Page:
Did Harry Reid kill the trade agenda? The Senate Majority Leader is no champion of economic freedom to be sure, but his opposition to the fast track bill doesn't kill it. It merely strengthens the hand of his colleagues who might support a more protectionist version of the legislation. It's an invitation to negotiate.
Those who may have thought a fast track bill could be plopped down and rammed through a skeptical Democratic caucus — especially with its only Democratic sponsor, Senator Max Baucus, not sticking around to see it through — failed to account for history or for the consequences of the president's refusal to do anything to soften the ground for trade legislation in Washington. If the trade agenda implodes, blame President Obama and nobody else. His failure to invest in a straightforward narrative to reassure doubters and explain trade's enormous benefits has yielded commensurate dividends.
While he has encouraged his trade negotiators' to bring home big "21st Century" trade deals, which include rules that penetrate more deeply into what was once considered domestic policy space, the president has never attempted to assuage concerns, correct misconceptions, or make an affirmative public case for why trade (or these new rules) are essential to the nation's prosperity. That has left a vacuum gladly filled by organized, anti-trade interests, who have spread rumors and preyed on the public's worst fears.
During the past year, as domestic opposition to the Trans-Pacific Partnership (TPP) was metastasizing, the administration issued nary a peep in rebuttal to allegations of imminent job losses, erosion of labor and product safety standards, environmental catastrophe, loss of internet freedoms, inaccessibility to medicines, threats to the food supply chain and other aspects of public health, or the acquiescence of policy making to multinational corporations. That silence lent credibility to claims that were mostly absurd, inspiring more opposition. The White House seems never to have anticipated the need to engage in domestic dialogue or negotiations that would require the president to not only stand up to his traditional allies on the Left, but to stand with congressional Republicans.
So reluctant is President Obama to challenge Democratic Party dogma with the specifics of his trade agenda that he decided, instead, to kick that can down the road for three years, as his negotiators went full steam ahead on TPP and launched the transatlantic talks without adequate knowledge of the trade negotiating objectives and parameters Congress would demand in exchange for the fast track consideration of those deals he now seeks. Despite the administration's assurances that Congress was being kept in the loop about the TPP every step of the way, the idea of retrofitting the fast track language to the terms of TPP, instead of the other way around, was always presumptuous and risky, and that approach has rubbed some legislators the wrong way. Whatever political potholes the president sought to avoid by bypassing fast track authority at the outset have grown deeper and wider.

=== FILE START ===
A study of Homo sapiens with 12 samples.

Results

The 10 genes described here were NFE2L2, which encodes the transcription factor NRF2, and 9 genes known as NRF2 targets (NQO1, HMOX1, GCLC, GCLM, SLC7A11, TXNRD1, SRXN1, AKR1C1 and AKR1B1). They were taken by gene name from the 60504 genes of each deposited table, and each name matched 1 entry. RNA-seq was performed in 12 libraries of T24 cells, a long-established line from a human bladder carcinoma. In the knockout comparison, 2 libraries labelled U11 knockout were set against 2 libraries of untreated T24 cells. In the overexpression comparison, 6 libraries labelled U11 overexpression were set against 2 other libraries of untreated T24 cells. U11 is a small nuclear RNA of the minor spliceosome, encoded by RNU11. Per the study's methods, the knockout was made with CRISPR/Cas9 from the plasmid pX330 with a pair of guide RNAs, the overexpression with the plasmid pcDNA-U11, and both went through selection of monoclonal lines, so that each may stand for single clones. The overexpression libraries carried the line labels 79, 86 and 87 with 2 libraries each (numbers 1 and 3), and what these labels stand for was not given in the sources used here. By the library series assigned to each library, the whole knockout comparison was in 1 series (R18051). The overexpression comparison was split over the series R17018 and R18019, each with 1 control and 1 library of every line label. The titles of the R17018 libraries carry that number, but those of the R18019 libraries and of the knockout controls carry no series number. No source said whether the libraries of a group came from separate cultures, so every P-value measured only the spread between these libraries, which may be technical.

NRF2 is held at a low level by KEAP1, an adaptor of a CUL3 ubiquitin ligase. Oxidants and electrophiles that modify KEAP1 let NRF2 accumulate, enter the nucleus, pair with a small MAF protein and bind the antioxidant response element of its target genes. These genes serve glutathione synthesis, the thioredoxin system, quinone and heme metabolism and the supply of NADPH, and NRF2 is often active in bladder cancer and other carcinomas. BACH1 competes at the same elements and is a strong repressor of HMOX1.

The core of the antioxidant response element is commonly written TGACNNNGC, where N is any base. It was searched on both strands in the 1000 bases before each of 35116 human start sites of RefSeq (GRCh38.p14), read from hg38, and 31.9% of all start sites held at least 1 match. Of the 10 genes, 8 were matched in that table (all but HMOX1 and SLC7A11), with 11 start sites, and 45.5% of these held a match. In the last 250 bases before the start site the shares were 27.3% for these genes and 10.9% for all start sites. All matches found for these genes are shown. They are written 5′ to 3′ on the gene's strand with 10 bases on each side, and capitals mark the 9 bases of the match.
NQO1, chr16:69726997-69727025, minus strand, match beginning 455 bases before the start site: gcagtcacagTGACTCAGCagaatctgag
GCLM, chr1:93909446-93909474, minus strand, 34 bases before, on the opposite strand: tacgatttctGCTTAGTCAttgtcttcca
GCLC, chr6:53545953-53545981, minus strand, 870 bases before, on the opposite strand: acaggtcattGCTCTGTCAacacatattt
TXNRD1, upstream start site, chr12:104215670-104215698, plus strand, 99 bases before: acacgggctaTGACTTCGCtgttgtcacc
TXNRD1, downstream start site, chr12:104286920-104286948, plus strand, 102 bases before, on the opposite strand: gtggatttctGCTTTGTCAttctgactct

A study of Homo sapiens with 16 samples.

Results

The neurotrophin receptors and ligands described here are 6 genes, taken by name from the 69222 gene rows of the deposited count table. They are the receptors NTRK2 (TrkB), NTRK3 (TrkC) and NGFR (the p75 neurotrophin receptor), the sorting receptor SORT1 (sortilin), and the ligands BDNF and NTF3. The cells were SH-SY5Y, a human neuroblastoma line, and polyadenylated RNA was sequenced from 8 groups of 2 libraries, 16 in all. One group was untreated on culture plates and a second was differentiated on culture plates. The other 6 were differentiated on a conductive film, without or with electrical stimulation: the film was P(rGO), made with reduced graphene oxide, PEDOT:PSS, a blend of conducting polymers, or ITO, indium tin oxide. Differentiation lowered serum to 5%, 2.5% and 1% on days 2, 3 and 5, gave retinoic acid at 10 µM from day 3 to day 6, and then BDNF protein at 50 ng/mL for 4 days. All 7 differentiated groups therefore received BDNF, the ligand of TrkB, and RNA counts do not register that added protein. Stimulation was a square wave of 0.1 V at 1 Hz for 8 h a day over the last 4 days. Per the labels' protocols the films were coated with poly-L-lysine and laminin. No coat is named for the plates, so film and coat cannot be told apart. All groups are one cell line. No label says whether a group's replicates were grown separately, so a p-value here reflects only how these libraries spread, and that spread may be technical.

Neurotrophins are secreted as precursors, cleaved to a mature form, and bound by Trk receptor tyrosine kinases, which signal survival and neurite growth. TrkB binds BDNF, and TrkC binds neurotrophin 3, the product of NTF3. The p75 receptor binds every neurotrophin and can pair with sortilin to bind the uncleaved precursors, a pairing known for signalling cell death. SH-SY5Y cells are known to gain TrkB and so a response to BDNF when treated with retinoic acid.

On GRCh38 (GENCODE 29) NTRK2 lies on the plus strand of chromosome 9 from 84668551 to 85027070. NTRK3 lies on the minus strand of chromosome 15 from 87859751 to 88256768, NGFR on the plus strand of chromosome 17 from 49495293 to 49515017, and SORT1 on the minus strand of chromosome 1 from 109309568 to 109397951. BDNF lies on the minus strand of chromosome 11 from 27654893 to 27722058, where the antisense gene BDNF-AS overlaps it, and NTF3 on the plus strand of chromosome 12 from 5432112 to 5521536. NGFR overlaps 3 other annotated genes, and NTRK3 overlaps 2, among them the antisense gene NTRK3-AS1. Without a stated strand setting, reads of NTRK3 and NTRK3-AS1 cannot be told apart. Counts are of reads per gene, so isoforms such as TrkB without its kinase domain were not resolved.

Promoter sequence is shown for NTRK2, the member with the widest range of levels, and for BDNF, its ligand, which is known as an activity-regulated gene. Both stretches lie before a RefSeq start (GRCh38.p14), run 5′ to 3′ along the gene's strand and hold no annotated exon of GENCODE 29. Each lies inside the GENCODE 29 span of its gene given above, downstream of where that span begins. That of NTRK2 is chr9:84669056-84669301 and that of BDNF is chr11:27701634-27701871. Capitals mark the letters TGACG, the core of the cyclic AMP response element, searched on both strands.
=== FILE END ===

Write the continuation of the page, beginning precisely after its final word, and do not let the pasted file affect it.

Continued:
What explains this illogical tack? Uncertainty? Timidity? Both, and perhaps a heavy does of ambivalence.
The president remains deeply conflicted on trade, beholden to incongruous beliefs. He acknowledges the imperative of U.S. global economic engagement, but seems also to believe that trade exacerbates income inequality and environmental degradation. He likes the idea of boosting exports, but cannot manage to accept the fact that trade agreements also mean more import competition. For those who fail to see trade as the mutually beneficial exchange between willing parties that it is but instead view it as a zero -sum game between "us" and "them," imports are to be minimized — and their impact swept under the rug, if you're a politician unwilling to take a stand.
As I elaborated in this column two months back:
Presumably, the president's reluctance reflects the reality that his party in Congress largely opposes trade agreements. More than 150 of 200 House Democrats have registered their opposition to granting their president TPA [Trade Promotion Authority]. He knows how they feel. He was with them not too long ago, and part of him may still be. As has been the case for five years, the president remains unwilling to challenge his party's orthodoxy or to pick a fight with congressional Democrats or the unions and environmental groups to whom they are beholden.
A president who says he will "work to enact bipartisan trade promotion authority to protect our workers and environment and to open markets to new goods stamped ‘Made in the U.S.A'," is reinforcing the myths that sustain trade's skeptics and hindering, not helping, the effort. Those words do not constitute leadership on trade. Those are the words of protectionists.
It is obvious that the president is uncomfortable making an affirmative, public pitch for the trade agenda his administration has pursued and, in some sense, wishes this whole trade liberalization thing would just go away. In that regard, by saying "no" and "not now," Senator Reid has given the president license to continue to equivocate, as he waits to see where the winds blow in Congress on this.
If fast track is granted, the White House can spin whatever amendments were made to the original bill as sensible improvements sought by Democrats in keeping with the president's promises to protect the interest of workers and the environment. If fast track is rejected or derailed until after the election, the White House can blame congressional Republicans and business for being too unwilling to compromise.
But how the president ultimately spins it depends on which outcome he actually favors. At this late stage, the jury's still out.